Wind up a mechanical mouse, set it down, and watch it go. New research by Dana-Farber scientists shows that boosting a single protein in the liver can have the same animating effect in real mice.
The protein, called MIC19, produces changes deep inside liver cells that help the body burn nutrients, protecting against obesity and the development of type 2 diabetes, the researchers report in a featured article in Cell Metabolism. And, by a chain of events that leads directly to the brain, the protein acts like a motivational speaker, stirring otherwise idle mice into action and movement.
Because much of this liver mechanism is shared with humans, the findings suggest that drugs that spur production of MIC19 in liver cells could help stave off obesity and type 2 diabetes – and the diseases associated with them, including cardiovascular disease, viral infections, and some cancers – researchers say. It isn’t clear yet whether the pathway that begins with MIC19 has the same behavioral effects in humans as it does in mice, but if it does, one could imagine a future drug that prompts people to get up off the couch and do some walking — which may be all the push some people need.
“Overnutrition, especially with unhealthy foods, coupled with low physical activity, can cause a variety of metabolic diseases such as obesity and type 2 diabetes. And an overaccumulation of lipids – fatty compounds – in the liver can cause a condition known as non-alcoholic fatty liver disease [NAFLD] that can lead to liver fibrosis and liver cancer,” says Dana-Farber’s Pere Puigserver, PhD, who led the study Jee Hyung Sohn, PhD, Beste Mutlu, PhD, and Pedro Latorre-Muro, PhD, of his lab. “Expending energy, as by exercising, is an important part of controlling weight, but it isn’t always enough, on its own, to have a sufficient effect. In this study, we focused on the role of the liver in energy use.”
The liver and energy
The liver is generally thought of as the body’s filtration plant, removing toxins from the blood, but it also plays a key role in balancing the body’s energy use and keeping nutrients at stable levels. It distributes metabolites — substances made by breaking down nutrients — to tissues and organs to ensure they continue to function at the appropriate level.
The liver is as sensitive as the stomach to the presence or absence of nutrients and as sensitive as the heart to physical activity. As conditions change — as an individual begins or finishes a meal, for instance, or starts or stops exercising — the liver responds to keep bodily processes in balance.
During fasting — between meals, for example — the liver amps up the activity of its mitochondria, tiny structures that produce energy for cells. This sparks an increase in the liver’s production of glucose and other substances that power the body’s organs and tissues. This ensures that all parts of the body, including the brain, have an ample supply of fuel while food is absent.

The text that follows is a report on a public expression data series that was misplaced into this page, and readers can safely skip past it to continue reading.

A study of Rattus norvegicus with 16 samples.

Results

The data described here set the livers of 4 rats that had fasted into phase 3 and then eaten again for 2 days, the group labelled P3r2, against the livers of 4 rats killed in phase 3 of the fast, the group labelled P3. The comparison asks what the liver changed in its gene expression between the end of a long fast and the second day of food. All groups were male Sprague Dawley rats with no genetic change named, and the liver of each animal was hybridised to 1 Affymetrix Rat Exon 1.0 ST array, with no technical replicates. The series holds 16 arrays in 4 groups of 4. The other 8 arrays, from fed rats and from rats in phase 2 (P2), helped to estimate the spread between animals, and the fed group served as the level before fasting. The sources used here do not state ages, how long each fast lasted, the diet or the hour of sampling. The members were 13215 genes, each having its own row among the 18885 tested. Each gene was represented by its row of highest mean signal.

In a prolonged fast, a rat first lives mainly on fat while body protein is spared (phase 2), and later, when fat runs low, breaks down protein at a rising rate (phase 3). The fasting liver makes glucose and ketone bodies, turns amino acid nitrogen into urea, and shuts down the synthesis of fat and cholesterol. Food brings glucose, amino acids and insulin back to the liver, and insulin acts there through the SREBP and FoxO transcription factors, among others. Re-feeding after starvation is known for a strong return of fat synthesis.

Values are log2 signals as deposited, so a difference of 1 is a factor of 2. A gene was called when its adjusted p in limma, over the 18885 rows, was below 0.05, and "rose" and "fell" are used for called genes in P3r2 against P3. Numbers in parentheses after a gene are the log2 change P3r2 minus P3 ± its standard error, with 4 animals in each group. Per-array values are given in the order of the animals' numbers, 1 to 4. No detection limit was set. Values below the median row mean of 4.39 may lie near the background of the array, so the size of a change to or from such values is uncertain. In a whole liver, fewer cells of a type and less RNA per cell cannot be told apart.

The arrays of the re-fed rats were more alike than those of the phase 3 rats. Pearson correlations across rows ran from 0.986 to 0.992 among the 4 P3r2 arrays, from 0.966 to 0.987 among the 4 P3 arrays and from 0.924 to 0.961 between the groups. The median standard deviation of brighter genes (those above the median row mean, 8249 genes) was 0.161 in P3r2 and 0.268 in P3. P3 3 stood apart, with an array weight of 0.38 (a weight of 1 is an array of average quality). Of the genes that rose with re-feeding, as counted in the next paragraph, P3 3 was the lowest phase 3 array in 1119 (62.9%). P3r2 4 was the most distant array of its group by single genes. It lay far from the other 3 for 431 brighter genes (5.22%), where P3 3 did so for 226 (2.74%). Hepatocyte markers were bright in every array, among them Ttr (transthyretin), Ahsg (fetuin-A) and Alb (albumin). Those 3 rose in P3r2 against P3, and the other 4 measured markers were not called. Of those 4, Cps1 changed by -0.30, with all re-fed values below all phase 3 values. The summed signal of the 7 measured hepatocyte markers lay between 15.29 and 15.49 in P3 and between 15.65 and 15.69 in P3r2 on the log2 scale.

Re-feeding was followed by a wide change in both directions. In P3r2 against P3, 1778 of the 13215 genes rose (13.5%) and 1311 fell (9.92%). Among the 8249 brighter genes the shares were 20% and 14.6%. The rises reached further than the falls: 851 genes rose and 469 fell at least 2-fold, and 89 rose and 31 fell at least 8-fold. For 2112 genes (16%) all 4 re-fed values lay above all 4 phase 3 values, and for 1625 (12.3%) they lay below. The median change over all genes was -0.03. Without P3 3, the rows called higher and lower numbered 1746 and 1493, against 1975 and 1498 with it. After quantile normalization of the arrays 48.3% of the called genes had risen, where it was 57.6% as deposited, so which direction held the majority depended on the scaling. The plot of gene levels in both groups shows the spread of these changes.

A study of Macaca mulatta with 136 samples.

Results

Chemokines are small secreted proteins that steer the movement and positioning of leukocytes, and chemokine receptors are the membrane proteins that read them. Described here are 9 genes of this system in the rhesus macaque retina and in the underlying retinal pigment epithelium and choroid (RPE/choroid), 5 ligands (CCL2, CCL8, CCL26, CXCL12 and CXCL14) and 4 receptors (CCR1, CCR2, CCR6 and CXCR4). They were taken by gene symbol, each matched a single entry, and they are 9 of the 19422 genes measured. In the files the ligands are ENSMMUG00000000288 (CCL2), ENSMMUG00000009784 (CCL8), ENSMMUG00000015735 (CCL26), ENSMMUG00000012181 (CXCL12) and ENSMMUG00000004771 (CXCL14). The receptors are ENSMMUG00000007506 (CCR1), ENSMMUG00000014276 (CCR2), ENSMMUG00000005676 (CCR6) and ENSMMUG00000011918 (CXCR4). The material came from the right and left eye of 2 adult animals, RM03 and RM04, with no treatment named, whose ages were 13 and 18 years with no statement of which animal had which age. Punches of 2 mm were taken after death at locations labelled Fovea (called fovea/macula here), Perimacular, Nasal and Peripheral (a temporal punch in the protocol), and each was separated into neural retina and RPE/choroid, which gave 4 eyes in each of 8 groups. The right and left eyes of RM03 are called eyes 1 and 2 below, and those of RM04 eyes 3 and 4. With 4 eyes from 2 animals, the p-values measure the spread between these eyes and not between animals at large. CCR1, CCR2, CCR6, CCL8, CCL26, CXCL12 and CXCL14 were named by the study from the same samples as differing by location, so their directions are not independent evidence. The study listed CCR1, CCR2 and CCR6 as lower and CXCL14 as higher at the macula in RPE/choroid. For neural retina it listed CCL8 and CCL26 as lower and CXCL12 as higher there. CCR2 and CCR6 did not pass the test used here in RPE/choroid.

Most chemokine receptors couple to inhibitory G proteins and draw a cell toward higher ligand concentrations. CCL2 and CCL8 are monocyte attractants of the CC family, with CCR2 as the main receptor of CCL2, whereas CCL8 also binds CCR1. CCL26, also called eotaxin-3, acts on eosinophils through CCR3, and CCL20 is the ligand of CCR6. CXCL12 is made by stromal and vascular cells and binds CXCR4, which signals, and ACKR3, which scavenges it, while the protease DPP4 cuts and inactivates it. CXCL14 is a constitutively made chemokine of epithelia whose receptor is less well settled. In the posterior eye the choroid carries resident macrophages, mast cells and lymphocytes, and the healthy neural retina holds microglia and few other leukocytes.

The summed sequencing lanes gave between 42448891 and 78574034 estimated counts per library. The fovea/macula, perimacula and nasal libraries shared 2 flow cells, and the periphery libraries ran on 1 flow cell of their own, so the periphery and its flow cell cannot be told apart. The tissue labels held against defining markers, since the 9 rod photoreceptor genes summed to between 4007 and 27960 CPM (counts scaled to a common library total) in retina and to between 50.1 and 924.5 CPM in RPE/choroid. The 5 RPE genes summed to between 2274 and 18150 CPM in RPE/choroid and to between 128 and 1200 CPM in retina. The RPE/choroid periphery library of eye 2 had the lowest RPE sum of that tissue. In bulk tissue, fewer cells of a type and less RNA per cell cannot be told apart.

The rise in mitochondrial activity helps ward off obesity and the development of type 2 diabetes as well as NAFLD. But the mechanism that connects food intake and fasting to changes in mitochondrial functioning were largely unknown.
Feasting and fasting
By comparing protein levels in liver cells from fasting mice and mice gorged on food, the Dana-Farber team found that MIC19 causes conspicuous changes in the structure of liver cell mitochondria.
The membrane of a mitochondrion is a two-layered affair — a smooth outer membrane and an inner membrane with numerous folds called cristae that harbor respiratory machines that burn nutrients. The cristae help in the production of ATP, a compound that stores energy used by cells. The more cristae, the more fuel and energy available to cells to burn.
“We found that, during fasting, MIC19 levels in liver mitochondria rise, which promotes cristae formation,” Puigserver comments. “That, in turn, causes the liver to burn more nutrients.”
When researchers tweaked the mice’s livers to overproduce MIC19, the animals didn’t become obese even when lavishly fed and were protected against type 2 diabetes. Part of the reason they stayed slim was because they expended more energy, researchers found.
“This much was expected and logical,” Puigserver remarks. “If you promote nutrient-burning activity in the liver, the animals become leaner. What was surprising was that simply increasing MIC19 in the liver caused them to be more physically active — to walk faster and longer.
“In humans, it would be the equivalent of taking a brisk walk, not of going to the gym and exercising harder.”
The liver to brain connection
To understand how a change in metabolic activity in the liver can trigger an impulse to start walking, researchers took stock of the metabolites produced in the liver when MIC19 levels are high and found an accumulation of a compound known as uracil. “It’s likely that uracil acts in the brain to promote locomotion,” Puigserver says. Support for that theory came when researchers added uracil to the animals’ diet — and saw the animals start moving around more.
The link between MIC19 and increased metabolic activity in the liver exists in humans as well as mice, suggesting that a drug that ups MIC19 could render the liver healthier, less fatty, and less inflamed, and help deter obesity and diabetes, the study authors say. It’s unclear whether the uracil pathway acts in the human brain as it does in the mouse brain, so the notion of a drug that prods people to walk by targeting MIC19 is a bit premature, Puigserver says.
As for why fasting triggers an increase in MIC19 in the liver and thereby gets mice a-moving, Puigserver offers an evolutionary possibility. “When animals fast and there’s no food nearby, mobility is vital to the search for food. MIC19 may be part of the mechanism that sparks that search.”